Growth Mindset Lessons from the CEO of Microsoft

Last week marked a milestone for Mindset Leadership as we became one of the select few partners across the globe to be accredited to deliver Matthew Syed’s Psychometric Tool (Mindset Advantage) as part of our comprehensive list of leadership services. The tool was designed by Matthew and his terrific team and is the only tool available on the market today that is designed to specifically measure and build a growth mindset at an individual, team and organisational level.

Perhaps where the concept of Growth Mindset is most recognised is in our education system where the research by Carole Dweck and insights by Syed have led to large scale intervention programmes and coaching to educate teachers on the critical importance of nurturing a Growth Mindset from an early age. When children believe they can get smarter, they understand that effort makes them stronger. Therefore they put extra time and effort in which ultimately leads to higher achievement. In addition, neuroscientific research backs this up. We now know that the brain is much more malleable than originally thought. In other words, we can make the connection between neurons more robust and create new neural pathways through experiences, forming new healthier habits, practising etc. In short, just because you think you were born struggling with maths does not mean you can never be good at maths! Practice really can make perfect!

Now we have understood how fostering the growth mindset in schools can help us create a future generation of resilient, intelligent individuals who believe in the power of purposeful practice (a concept coined by Syed) to create high performance, one may wonder how this same theory lends itself to the corporate world?

The most impactful example of a leader who dramatically transformed his organisation through a Leading Change programme based on Growth Mindset was Satya Nadella, CEO of Microsoft. We were privy to Matthew Syed’s account of his recent meeting with him whereby Nadella discussed the approach he took to turning around a pretty depressing situation: falling share prices, a decade of flat growth, a siloed culture rife with inertia and internal bickering. In less than five years, Nadella had successfully raised share prices to an all time high and in June 2018 reported revenue was up to £540 billion representing growth of $250 billion (McKinsey). A big part of Nadella’s success in driving such high performance was that he wanted to create a learning culture which embraced failure. A culture of innovation whereby everyone believes there is always room to learn more and no one is scared to fail. An interesting article by Ibarra and Ratan describes pre-Nadella culture to be so political that ‘it forced you to make sure that your colleague failed so you could succeed’. A harsh reality which many of us become accustomed to and is not just limited to Microsoft.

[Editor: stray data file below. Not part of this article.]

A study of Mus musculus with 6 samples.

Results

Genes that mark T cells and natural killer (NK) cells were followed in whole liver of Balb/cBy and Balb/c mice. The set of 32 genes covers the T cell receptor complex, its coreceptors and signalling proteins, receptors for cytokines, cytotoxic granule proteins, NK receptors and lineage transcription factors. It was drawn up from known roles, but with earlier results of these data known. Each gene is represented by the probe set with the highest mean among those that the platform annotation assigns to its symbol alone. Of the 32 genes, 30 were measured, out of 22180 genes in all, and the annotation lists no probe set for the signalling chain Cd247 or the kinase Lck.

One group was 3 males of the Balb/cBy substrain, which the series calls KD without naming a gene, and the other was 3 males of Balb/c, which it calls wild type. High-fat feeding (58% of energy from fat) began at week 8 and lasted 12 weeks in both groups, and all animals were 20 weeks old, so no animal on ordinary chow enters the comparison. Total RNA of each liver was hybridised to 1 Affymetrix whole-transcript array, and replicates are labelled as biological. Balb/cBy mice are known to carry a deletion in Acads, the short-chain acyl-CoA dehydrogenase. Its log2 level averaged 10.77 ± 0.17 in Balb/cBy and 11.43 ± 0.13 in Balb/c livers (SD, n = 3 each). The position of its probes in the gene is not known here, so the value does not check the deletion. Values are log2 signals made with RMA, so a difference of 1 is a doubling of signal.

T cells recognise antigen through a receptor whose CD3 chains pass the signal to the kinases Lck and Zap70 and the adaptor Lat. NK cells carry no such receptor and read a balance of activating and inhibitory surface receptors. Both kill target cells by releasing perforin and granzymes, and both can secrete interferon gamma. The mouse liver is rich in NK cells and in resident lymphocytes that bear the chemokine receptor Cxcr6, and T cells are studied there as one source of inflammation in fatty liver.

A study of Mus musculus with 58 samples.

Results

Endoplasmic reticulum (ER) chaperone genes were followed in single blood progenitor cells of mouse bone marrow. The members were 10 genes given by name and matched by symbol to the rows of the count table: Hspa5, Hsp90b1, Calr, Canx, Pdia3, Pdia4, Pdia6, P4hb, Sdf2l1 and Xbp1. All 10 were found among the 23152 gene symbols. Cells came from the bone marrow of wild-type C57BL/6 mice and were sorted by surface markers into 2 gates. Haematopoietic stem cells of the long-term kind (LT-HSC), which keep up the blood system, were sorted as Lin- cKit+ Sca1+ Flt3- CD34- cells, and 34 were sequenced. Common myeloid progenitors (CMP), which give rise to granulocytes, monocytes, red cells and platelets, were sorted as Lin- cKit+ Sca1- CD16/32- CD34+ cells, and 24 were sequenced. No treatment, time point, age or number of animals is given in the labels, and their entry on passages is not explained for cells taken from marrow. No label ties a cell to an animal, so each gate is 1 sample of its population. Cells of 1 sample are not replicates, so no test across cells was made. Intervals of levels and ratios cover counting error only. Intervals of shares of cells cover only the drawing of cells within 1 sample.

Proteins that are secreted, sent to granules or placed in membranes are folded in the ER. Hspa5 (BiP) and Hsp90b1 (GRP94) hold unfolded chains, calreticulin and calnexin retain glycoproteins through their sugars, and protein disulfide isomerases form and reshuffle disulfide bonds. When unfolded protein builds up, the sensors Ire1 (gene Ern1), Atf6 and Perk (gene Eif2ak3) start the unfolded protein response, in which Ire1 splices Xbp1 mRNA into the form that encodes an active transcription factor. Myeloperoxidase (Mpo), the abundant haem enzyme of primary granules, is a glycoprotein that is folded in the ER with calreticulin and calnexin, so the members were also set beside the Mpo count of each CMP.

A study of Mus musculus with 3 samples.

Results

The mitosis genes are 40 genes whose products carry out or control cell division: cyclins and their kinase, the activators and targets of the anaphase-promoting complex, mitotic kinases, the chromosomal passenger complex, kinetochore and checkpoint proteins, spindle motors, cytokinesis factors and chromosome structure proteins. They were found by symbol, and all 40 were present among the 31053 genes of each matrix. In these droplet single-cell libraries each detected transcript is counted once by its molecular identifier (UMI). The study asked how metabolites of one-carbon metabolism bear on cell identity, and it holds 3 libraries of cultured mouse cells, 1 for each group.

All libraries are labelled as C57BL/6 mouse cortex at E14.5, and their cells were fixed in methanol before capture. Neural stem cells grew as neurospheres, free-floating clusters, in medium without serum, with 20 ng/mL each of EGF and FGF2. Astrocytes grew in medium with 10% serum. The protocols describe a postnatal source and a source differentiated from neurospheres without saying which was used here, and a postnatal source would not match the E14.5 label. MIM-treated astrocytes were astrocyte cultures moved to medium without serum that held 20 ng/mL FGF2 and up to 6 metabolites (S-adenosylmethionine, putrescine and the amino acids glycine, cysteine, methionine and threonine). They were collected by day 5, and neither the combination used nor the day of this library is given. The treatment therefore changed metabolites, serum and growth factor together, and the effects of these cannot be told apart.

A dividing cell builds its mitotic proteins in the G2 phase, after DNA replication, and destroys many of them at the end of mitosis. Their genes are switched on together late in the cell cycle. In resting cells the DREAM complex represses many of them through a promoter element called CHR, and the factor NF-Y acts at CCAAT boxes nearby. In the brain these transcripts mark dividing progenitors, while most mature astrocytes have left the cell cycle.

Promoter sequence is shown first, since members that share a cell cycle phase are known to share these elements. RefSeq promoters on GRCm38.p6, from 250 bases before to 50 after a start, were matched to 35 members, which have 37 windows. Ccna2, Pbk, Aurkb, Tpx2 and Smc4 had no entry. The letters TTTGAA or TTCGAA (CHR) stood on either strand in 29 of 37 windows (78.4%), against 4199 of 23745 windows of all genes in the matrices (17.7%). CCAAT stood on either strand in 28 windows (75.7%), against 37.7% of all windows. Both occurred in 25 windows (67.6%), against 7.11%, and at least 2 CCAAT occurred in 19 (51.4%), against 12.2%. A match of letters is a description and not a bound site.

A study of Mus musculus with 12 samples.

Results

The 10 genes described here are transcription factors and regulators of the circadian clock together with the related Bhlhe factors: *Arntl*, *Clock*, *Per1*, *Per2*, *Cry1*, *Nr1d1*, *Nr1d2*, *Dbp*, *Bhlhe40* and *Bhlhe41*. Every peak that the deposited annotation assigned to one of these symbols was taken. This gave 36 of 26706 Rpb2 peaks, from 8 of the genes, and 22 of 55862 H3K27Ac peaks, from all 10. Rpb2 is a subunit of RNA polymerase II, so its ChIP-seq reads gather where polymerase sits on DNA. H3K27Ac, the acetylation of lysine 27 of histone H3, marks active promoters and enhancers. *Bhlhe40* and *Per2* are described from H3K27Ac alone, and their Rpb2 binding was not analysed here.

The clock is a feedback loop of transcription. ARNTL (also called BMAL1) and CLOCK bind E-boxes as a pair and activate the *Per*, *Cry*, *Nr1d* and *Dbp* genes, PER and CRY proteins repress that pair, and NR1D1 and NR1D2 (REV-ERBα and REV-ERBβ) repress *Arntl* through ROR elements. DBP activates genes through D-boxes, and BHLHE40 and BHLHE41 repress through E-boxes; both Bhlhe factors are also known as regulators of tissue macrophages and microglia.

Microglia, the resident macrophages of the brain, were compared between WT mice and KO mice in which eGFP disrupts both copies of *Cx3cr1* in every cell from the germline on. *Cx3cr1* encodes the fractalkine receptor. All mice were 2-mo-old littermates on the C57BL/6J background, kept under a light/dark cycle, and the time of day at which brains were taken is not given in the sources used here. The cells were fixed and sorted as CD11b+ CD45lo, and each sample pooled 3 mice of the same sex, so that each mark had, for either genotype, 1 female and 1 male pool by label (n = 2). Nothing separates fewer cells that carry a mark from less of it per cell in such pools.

Essentially, such organisational transformation and surge in high performance was created out of Nadella’s fundamental belief in establishing a Growth Mindset amongst the company. It all started in 2015 when Nadella’s wife gave him a copy of Dweck’s book ‘Mindset’ which she had found insightful in thinking about creating conditions for success for one of their daughter’s who has learning difficulties (Ibarra&Ratan).

In July 2015, Nadella revealed a fresh company mission “To empower every person and every organisation on the planet to achieve more…it’s about every individual, every one of us having that attitude – that mindset -of being able to overcome any constraint, stand up to any challenge – that will make us grow individually and as a company” (Nadella, 2015). Nadella’s team defined what growth mindset meant for Microsoft, in real terms and out of this came three pillars of change that Nadella wanted to establish across the company.

  1. Customer Obsession. pre-Nadella culture thrived off back stabbing and contributed to the formation of an elite, inner circle which was responsible for taking all of the decisions. This dysfunctional behaviour which was very much part of the Fixed Mindset camp was thought to have contributed to Microsoft’s stall in innovation and lack of growth. Nadella wanted everyone to be become customer obsessed. “At the core of our business must be the curiosity and desire to meet a customer’s unarticulated and unmet needs with great technology”. We need to listen to our customers and make the impossible, possible.
  2. Diversity and inclusion. We are at our best when we actively seek diversity and inclusion. If we are going to serve the planet as our mission states, we need to reflect the planet. (Forbes)
  3. One Microsoft: We are one company, one Microsoft – not a confederation of fiefdoms. Innovation and competition don’t respect our silos, so we have to learn to transcend those barriers (Ibarra&Ratan).

Previous performance management processes were thoroughly reviewed in line with Growth Mindset principles and coaching was implemented across platforms. Managers were empowered to influence more which served to break down the elite inner circle. People were encouraged to ask whether the topics of conversations held in meetings were done so with a Growth Mindset or a Fixed Mindset and other processes were rolled out which established, reinforced and encouraged Growth Mindset principles. A Learning Culture thrived as did the bottom line and Microsoft continues to keep trends in line with this momentum to date.
We are extremely proud to be partnering with Matthew Syed’s team and supporting organisations to implement, develop and sustain a Growth Mindset Culture so that they too can drastically improve the overall health of their organisation.